Driven by an unshakable sense of duty and a love of life in the air, Chuck Yeager has spent decades pushing the boundaries of aviation and military service.
Chuck Yeager’s Early Days
Born on February 13, 1923, and raised in the hills of West Virginia near the town of Myra, Charles “Chuck” Yeager entered military service as soon as he could, joining 17 classmates who enlisted after high school graduation to fight in World War II.
After spending nearly two years working his way from a plane mechanic to a flying sergeant in bases in Nevada, California and Ohio, Yeager and his squadron were deployed in February 1944.
While his friends were sent across the globe, Yeager ended up in England, flying missions over occupied France, where he accompanied bombers in a P-51 Mustang and found himself immediately thrust onto the front lines.
Shot down in the south of France, Yeager teamed with the French Resistance to survive for weeks as he made his way over the Pyrenees into then-neutral Spain. Once back in England, Yeager appealed directly to General Dwight D. Eisenhower to sidestep military protocol, which dictated that all pilots shot down should return to the United States, and allow him to instead return to the skies.
Proving Eisenhower’s decision to be a wise one, Yeager took to the skies again, racking up an impressive record, including taking down five aircrafts in a single day, though he has been modest to point out that two planes did the work for him by colliding.
Although he avoided a pilot’s return during the war, after his tour of duty was complete Yeager did take advantage of a rule allowing all those shot down to choose which base they would return to in the United States.
Sources in this Story
- Academy of Achievement: Chuck Yeager Biography
- U.S. Centennial of Flight Commission: Chuck Yeager
- Smithsonian Institution: National Air and Space Museum: Bell X-1 “Glamorous Glennis”
- PBS: NOVA: Men of the X-1
- The Washington Post: Aloft with Check Yeager, Testy Pilot
Breaking the Sound Barrier
Deciding on Muroc Field in California, Yeager soon found himself in one of the most remote Air Force locations in the country, but also one whose unique isolation allowed the testing of the latest and fastest planes the military had to offer.
Assigned to a host of test flights, Yeager was soon selected as pilot during the Air Force’s attempt to break the sound barrier; he would fly a super-sonic plane called the X-1, nicknamed Glamorous Glennis in honor of his wife. Rocket-like and so tight and compact that it had to be dropped from a cargo plane to conserve fuel, the X-1 was America’s chance to top Mach 1.
On October 14, 1947, Yeager climbed into the cockpit with two broken ribs from an ill-advised horseback ride after a night out a few days before and set about making history.
Pushing the plane to Mach 1.05, Yeager witnessed the sky turn a “deep purple and all at once the stars and the moon came out—the sun shone at the same time…He was simply looking out into space,” according to Tom Wolfe’s “The Right Stuff,” chronicling America’s race for space exploration.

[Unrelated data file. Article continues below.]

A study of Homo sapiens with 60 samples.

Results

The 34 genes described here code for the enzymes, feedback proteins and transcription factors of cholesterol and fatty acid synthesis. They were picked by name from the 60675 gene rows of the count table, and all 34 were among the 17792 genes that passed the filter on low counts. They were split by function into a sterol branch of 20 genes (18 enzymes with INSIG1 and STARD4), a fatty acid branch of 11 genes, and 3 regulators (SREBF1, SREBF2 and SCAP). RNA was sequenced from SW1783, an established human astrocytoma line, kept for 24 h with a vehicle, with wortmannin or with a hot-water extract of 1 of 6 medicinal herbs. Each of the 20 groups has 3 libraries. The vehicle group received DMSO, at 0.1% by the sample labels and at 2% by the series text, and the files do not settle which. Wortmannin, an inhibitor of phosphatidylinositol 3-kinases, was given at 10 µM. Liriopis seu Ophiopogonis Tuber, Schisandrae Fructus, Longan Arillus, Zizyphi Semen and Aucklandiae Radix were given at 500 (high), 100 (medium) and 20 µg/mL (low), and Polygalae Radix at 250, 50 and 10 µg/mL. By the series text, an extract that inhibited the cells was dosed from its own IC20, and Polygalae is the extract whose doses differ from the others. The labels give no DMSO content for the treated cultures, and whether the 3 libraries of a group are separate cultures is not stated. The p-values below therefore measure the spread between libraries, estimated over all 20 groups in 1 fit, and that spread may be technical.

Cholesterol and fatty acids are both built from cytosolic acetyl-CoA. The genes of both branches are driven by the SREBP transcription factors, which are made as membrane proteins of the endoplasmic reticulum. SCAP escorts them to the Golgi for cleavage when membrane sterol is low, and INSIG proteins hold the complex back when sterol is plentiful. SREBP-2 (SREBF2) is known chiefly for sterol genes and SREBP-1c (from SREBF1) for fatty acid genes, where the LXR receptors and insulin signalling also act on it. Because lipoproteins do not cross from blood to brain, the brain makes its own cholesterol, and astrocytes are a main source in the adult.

Famously modest about his own achievements and impatiently gruff in his responses to interviews, Yeager pointed out in a 2006 interview with West Virginia Public Broadcasting that the X-1 was one of many test projects he was involved in at the time and despite any historical significance, he was simply doing his duty.
However, modesty would not slow Yeager down, as he spent the next decade and a half pushing the boundaries of aviation still further, and training more than half the astronauts that would go on to fly in the Apollo, Gemini and Mercury space missions, though Yeager himself was passed over for service in the space program.
After surviving a nearly devastating crash in 1963 while flying an experimental Lockheed Starfighter at nearly twice the speed of sound, Yeager began his service in Vietnam, commanding and running missions from a base in the Philippines, and earning him the rank of Brigadier General in 1968.
After a tour helping the Pakistani air force against India in 1971, Yeager retired in 1975, though he never kept far from the runway.
The Man and His Work
The Rest of the Story
Recognized within the Air Force for his achievements, it was not until Tom Wolfe’s book was published in 1979, and the movie version was released in 1983, that Yeager’s name became internationally known.
A subsequent autobiography a few years later would further solidify his reputation as one of America’s most talented and fearless pilots.
Making his last military flight in 1997, marking the 50th anniversary of his historic X-1 flight by once again breaking the sound barrier in an F-16, Yeager remains active and youthful as ever, routinely taking to the skies between speaking engagements and running his charity. He is even on Twitter as @GenChuckYeager.
However, even today Yeager has never owned a plane of his own, nor does he have any desire to. “If you are willing to bleed,” he told the Washington Post, “Uncle Sam will give you all the airplanes you want.”
This article was originally written by Christopher Coats; it was updated January 3, 2017.